BMI tests inaccurate

BMI tests inaccurate
The Body Mass Index or BMI is the most trusted means by doctors for measuring body fat in their patients. Yet this once heralded diagnostic tool is now plagued with controversy. What accounts for the increased skepticism and resulting backlash against using the BMI method? BMI calculations are quick and easy. They are also notoriously inaccurate and imprecise. Experts argue there are better methods available to measure body fat and understand a patient’s health.

BMI development
The Body Mass Index began as an experiment by Belgian researcher Adophe Quetelet in 1842. He wanted to determine the ideal male body image and came up with a formula based on taking an individual’s weight and dividing that by height squared. Testing a small sample of Belgian males, Quetelet believed he had found the perfect ideal human form.

But it wasn’t until the early 20th century that this crude formula was plucked out of obscurity and used to test larger portions of the population. Insurance companies wanted a way to prove that overweight policy holders were at greater risk for diabetes or heart disease. Anything beyond the normal range pointed to greater health risks. Premium calculations were based on little more than a constructed trend.

Eventually doctors saw the BMI as the perfect diagnostic tool. It was quick, easy to perform, and the results were readily understood by patients. As a user-friendly diagnostic tool the BMI quickly became the standard means of measuring body fat percentage. In 1998 a set of numbers such as 25 and 30 were introduced making it easier for patients to understand where they fell on the fat scale.

BMI shortcomings
The BMI’s ease is a double-edged sword in that it is greatly inaccurate in getting a proper diagnosis. The data from other tests including measuring skin folds or waist circumference are not much more difficult, but the information is not quite as malleable. Height and weight are measured and calculated in mere seconds and a number is quickly produced. Alternate methods also lack the round numbers the public is so fond of, requiring more lengthy and painstaking explanations about their outcomes.

Experts speak out
But the body mass index could still not provide the complete story of an individual’s health. BMI measurements are consequently imprecise and inaccurate in their findings, as they do not point out the difference between fat weight and muscle weight. According to the charts, the higher the BMI calculation, the more unhealthy the patient. Dr. Kelly Brownell, Director of the Yale Center for Eating and Weight Disorders explains that fit and fat can and do meet. A fat individual who is fit can be far better off than a slim counterpart who is unfit.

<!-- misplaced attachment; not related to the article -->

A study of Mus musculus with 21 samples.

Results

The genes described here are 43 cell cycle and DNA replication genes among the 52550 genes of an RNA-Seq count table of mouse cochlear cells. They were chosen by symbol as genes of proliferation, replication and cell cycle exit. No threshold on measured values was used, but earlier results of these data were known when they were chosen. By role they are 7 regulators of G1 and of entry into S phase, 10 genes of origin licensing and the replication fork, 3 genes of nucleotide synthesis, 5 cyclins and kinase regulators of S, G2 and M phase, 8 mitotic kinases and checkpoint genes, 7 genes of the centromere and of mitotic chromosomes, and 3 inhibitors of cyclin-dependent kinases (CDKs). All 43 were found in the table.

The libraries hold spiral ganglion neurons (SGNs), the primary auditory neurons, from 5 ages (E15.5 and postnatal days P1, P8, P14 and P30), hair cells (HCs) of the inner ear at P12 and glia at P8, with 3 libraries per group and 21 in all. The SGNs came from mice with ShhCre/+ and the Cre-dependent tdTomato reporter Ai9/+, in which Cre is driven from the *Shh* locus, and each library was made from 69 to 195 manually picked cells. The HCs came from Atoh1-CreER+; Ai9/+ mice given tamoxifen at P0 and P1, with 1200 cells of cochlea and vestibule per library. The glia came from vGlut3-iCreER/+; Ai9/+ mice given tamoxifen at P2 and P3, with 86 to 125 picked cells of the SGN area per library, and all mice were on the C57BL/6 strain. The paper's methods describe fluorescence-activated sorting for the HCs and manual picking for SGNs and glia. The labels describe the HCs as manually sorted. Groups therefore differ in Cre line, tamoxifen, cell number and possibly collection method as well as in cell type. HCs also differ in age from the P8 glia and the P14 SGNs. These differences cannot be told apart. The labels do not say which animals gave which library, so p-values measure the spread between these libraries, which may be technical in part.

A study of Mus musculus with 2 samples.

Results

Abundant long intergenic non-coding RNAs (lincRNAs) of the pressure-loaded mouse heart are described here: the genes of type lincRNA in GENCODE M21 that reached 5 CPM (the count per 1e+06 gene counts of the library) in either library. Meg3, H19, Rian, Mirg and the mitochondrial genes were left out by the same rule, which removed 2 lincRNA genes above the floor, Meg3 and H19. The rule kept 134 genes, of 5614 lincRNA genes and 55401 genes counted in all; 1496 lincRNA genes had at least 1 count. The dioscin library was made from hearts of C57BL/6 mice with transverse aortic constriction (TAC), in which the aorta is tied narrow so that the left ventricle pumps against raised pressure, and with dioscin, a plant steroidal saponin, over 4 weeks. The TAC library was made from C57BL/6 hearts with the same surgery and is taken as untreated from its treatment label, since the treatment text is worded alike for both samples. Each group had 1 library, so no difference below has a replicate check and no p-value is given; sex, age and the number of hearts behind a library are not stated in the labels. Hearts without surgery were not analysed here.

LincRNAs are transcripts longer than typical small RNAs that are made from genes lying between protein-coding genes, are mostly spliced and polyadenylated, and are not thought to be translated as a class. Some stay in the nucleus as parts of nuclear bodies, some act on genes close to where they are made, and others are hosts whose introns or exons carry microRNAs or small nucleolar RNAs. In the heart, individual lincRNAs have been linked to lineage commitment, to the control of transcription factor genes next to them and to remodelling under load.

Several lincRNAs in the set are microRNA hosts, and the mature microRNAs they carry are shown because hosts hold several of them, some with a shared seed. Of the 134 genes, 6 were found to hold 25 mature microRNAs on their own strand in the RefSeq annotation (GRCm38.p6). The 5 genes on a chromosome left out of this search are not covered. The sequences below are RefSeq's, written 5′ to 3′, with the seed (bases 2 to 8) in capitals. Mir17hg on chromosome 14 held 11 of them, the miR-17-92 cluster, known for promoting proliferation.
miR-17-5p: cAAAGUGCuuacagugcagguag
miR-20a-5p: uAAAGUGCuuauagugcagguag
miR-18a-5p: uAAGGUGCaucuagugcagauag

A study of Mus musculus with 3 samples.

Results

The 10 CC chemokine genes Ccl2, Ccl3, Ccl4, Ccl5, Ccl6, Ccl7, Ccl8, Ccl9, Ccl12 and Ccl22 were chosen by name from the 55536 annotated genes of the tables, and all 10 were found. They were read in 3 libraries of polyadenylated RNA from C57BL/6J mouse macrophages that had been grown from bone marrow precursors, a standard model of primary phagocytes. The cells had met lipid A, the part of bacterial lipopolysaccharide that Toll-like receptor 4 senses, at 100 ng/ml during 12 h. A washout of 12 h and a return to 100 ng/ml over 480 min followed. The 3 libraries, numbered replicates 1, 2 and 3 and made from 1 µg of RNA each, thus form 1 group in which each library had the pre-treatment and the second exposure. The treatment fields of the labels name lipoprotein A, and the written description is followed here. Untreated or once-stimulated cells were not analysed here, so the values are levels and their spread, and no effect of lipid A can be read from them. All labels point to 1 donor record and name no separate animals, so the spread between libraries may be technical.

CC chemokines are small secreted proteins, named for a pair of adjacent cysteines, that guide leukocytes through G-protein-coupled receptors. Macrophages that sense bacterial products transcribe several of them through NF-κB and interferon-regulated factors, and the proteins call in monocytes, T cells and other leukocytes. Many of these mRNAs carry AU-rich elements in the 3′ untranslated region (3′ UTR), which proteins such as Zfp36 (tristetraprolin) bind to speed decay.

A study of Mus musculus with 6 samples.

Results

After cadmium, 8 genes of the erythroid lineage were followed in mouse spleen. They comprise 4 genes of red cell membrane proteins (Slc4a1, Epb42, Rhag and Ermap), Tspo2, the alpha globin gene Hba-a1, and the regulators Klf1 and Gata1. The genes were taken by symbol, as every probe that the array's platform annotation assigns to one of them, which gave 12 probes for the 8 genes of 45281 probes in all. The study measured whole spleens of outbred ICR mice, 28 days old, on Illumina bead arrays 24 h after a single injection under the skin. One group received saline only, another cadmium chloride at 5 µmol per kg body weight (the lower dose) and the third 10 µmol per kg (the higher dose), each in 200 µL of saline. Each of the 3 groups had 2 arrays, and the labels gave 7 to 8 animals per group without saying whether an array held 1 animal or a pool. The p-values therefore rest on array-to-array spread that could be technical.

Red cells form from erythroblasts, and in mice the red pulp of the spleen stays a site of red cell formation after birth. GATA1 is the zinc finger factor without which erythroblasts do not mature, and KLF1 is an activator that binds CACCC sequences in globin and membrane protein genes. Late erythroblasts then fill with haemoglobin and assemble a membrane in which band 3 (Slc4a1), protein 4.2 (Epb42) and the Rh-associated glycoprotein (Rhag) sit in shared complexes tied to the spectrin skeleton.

Dr. Jonathan C.K. Wells has produced several studies for the International Journal of Obesity to support his criticisms of the BMI. In ‘A Hattori Chart analysis of body mass index in infants and children’ Wells concludes that BMI is a poor choice to determine obesity. Obesity is having more fatty tissue, not just weighing more. Wells argues against relying on those easily readable set points such as 25 and 30 that cannot tell fat from true obesity.

These numbers fall short of explaining the patient’s health, explains Dr. Kathleen M. Zelman. A number can raise false alarm or false hope; a patient may unnecessarily change their diet or believe their body fat is just right. Muscular athletes weigh more because they have more muscle tissue than fat tissue and conversely the elderly little old lady may not have lost weight but will have lost muscle mass. Zelman points out that the BMI ignores a patient’s gender, dietary habits, level of physical activity and family medical history.

Further evaluations should be carried out to get the full story about a person’s body fat measurements. If the athlete and the little old lady end up with the same numbers as per the BMI, how could they be possibly have the same physical fitness? Zelman concedes the BMI is a starting point and nothing more.

Popular with doctors and patients alike, the Body Mass Index enjoys a loyal following among those who want to measure body fat quickly. But its findings are inaccurate and imprecise. Strength and fitness tests, weights measured over time, and personal histories are far better indicators. Health is more than numbers that have little substance behind them.


This article has been featured previously on one of the editor's writing sites, and is the original creation of the BellaOnline Menopause site Editor. It has been presented here for the interest of Menopause site readers.